Use and Meaning of Toriaezu(とりあえず),Ittan,Tonikaku : Japanese has a lot of really useful words. There are a lot of words that mean the same thing as entire phrases in English. However, it can take a bit of time to get used to all of these words.

In this article, I’ll go over a few words that I have found really useful to know, and exactly how to use them.

Use and Meaning of Toriaezu(とりあえず),Ittan(いったん),Tonikaku(とにかく)

とりあえずtoriaezufirst of all
いったんittanas soon as
ただいまtadaimaI’m home


The first word is our title word: “toriaezu” (とりあえず). This one is usually written only in kana, and it has two somewhat distinct meanings. 

One meaning is “first of all” or “right away.” With this meaning, you could say something along the lines of “Toriaezu(とりあえず) watashi ga ikimasu” (とりあえず私が行きます), or “I’m going right away.” With this meaning, it’s fairly common to follow “Toriaezu(とりあえず)” with the word “ima” (今), meaning “now.” You could put that in this sentence as well, saying “Toriaezu(とりあえず) ima watashi ga ikimasu” to make your meaning clear. 

The other meaning is “for now” or “for the time being.” I heard it used more this way, but that could just be the preference of the people I spent time with in Japan. You could actually say the same sentence as above with this meaning. Saying “Toriaezu(とりあえず) watashi ga ikimasu” could mean “I’ll go for now.” The key to knowing what someone is saying is context. Context is always very important in Japanese, and this sentence could be used in either way. 

Ittan(いったん) is Toriaezu(とりあえず) ?

Our next word is “ittan” (一旦). A lot of times, this one is also written only in kana. 

This word is mainly used to mean “once” or “as soon as.” I found a good example for this one in my dictionary. It was “Ittan shita koto wa moto doori ni naranai” (いったんしたことは元どおりにならない), which means “What is done cannot be undone.” The “ittan” in this sentence is attached to “shita koto,” meaning “something that is done.” So it literally means, “Once something is done…” 

This one can be pretty easy to mix up with other words, so make sure you’re careful. I would always mix this up with the word “ittai” (一体), which means “generally,” or can be used to add emphasis to a question. 

Tonikaku(とにかく) is Toriaezu(とりあえず)?

Another word I found fairly useful was “tonikaku” (兎に角). This one is also written almost exclusively in kana.

“Tonikaku” means “anyway,” “at any rate,” or “generally speaking.” This one can be easy to mix up with “Toriaezu(とりあえず),” so be careful that you don’t try to use them interchangeably. I have heard a few foreigners learning Japanese do that, and they aren’t quite the same. 

Let’s look at how this is different by switching it into our first example sentence to see how the meaning changes. If you say “Tonikaku watashi ga ikimasu” (とにかく私が行きます), it means something more along the lines of “At any rate, I’m going.” You can see that this is a subtle but distinct difference in meaning.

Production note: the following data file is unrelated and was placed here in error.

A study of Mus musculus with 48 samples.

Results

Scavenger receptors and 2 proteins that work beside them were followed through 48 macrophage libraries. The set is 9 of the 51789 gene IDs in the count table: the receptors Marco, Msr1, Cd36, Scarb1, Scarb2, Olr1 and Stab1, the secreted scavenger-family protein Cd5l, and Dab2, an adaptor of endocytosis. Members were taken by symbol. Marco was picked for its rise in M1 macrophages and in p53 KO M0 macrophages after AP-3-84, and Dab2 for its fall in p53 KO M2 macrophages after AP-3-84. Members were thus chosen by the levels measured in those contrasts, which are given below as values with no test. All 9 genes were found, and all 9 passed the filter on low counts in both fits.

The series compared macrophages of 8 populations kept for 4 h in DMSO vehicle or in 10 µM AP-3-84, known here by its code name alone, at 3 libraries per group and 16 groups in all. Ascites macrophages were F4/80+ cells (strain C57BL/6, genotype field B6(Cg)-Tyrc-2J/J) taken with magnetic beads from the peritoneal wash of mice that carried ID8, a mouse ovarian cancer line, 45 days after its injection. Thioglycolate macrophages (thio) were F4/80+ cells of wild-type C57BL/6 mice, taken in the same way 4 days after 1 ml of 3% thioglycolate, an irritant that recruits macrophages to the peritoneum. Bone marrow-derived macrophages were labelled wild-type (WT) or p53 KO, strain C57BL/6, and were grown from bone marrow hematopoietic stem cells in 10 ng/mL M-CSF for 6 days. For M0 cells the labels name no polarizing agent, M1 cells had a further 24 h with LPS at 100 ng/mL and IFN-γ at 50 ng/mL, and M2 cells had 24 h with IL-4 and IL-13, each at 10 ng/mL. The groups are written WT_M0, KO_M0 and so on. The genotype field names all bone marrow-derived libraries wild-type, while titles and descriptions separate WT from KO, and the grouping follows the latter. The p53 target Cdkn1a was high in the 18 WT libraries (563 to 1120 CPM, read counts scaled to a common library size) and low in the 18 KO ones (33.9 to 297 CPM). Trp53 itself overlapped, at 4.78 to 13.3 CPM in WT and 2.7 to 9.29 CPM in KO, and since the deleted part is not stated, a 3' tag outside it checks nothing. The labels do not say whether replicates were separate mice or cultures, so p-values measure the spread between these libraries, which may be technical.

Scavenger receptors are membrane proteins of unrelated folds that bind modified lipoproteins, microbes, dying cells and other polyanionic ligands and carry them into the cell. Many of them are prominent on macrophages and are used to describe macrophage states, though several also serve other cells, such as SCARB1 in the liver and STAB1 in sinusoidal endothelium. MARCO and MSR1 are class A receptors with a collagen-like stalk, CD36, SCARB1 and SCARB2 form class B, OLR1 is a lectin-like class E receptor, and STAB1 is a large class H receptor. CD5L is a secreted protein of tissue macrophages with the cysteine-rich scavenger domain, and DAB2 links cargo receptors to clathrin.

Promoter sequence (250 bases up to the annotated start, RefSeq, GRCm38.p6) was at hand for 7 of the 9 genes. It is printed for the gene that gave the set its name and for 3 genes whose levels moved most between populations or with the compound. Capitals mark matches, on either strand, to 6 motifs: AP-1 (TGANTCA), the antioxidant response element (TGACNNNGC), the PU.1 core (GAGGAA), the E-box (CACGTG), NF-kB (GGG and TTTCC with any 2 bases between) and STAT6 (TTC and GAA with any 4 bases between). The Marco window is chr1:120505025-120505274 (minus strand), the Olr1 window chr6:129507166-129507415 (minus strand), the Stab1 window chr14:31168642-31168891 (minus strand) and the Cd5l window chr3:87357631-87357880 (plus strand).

There’s another phrase related to “tonikaku.” I didn’t hear it as much, but I thought it would be worth mentioning. You can use the phrase “nanishiro” (何しろ) in place of “tonikaku” when you are expressing something personal and emotive. An example I found in my grammar book was “Nanishiro sutoresu ga ooi desu” (何しろストレスが多いです). This would mean “In fact, I’m very stressed.” 

You could replace “nanishiro” with “tonikaku” in this, and still retain the meaning. However, “nanishiro” indicates that the situation is personal and emotional. You can always replace “nanishiro” with “tonikaku,” but you can’t always replace “tonikaku” with “nanishiro,” because not all sentences with “tonikaku” will be this personal and emotive. 


The last word we’ll talk about in this article is “tadaima” (ただ今). This is another word that is almost always written in kana.

You may have heard this word before to say “I’m home!” It is definitely used in that way, but it can also be used in sentences in Japanese. 

I’ll be honest, I never actually used this one myself. However, I heard it a lot, generally in prerecorded, formal messages. The one that sticks out to me the most is hearing it at train stations when it would be announced that “Tadaima densha ga mairimasu” (ただいま電車が参ります) or “The train is now approaching.” 

“Tadaima” is fairly easy to remember, as it can be broken down into two different words: “tada” meaning “just” or “only,” and “ima” meaning “now.” Whenever I translate this word, I think of it as “just now.” 

You might never say this one, but I heard it often enough that I think it’s a good one to know. 

These are just a few words that I think are really useful. Using words like this correctly is a great way to express yourself clearly and really elevate your Japanese. Be sure to practice, and listen to native Japanese speakers to help you get the hang of them.